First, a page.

Bulgarian minority honors age-old wedding rites
By Vessela Sergueva, AFP February 23, 2014, 12:06 am TWN
RIBNOVO, Bulgaria -- The communists tried hard to stamp out the culture of Bulgaria's rural Pomak minority, and since then tough times in the European Union's poorest country have made many leave, but one village is keeping traditions alive.
Nestled in the southern snow-capped Rhodope Mountains, each winter Ribnovo rolls back the centuries for workers returning from construction and farming jobs in Germany, Britain or Israel to tie the knot in extraordinary Muslim weddings.
For happy couple Letve Osmanova and Refat Avdikov, both 21, their two-day nuptials start with a display of the bride's dowry — everything from socks and a washing machine to the marriage bed — on the street for all to admire.
The main part comes on day two when away from prying male eyes, two aunts ritually slap a thick layer of white face paint onto Letve's face, then stick on hundreds of colorful sequins to form flowers.
A red veil and streaks of shiny tinsel garlands frame the bride's painted face, rendering her unrecognizable and more like a doll than a woman.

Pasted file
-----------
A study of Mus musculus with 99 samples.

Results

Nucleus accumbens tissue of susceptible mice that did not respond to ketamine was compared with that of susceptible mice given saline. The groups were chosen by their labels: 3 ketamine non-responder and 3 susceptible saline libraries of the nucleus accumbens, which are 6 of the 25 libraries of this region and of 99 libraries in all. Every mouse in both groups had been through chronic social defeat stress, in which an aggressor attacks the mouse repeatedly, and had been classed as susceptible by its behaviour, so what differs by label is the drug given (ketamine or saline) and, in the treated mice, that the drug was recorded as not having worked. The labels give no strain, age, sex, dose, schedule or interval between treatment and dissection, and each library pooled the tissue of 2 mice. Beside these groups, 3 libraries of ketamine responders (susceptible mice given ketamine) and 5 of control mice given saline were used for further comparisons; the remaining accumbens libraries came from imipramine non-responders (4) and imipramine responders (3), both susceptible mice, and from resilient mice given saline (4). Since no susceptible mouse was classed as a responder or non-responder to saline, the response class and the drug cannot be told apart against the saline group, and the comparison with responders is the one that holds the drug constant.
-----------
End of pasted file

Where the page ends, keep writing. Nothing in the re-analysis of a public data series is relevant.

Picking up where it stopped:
She is then led through the village home in a merry procession accompanied by traditional music and presented to her husband-to-be, her brightly colored attire contrasting with his more "European" get-up of white suit and black shirt.
Alcohol, however, is forbidden.
And in this closed Pomak society — whose Christian ancestors were converted to Islam during Bulgaria's Ottoman rule from the 14th to 19th centuries — the young couple were also not allowed any public show of tenderness before the wedding.
Not only that, the bride also keeps her eyes closed throughout the proceedings.
She is allowed only to peek at a small hand mirror until an imam marries the couple.
Then Refat takes her home and washes her face with milk, the groom's uncle Mustafa Avdikov explained.
"I am proud of our tradition that is so rare," a smiling Letve said ahead of the ceremony, a winter feast for the proud village of some 3,500 inhabitants.
Bulgaria's communists, ruling from after World War II until 1989, were hostile to any religion including the mainstream Orthodox Church.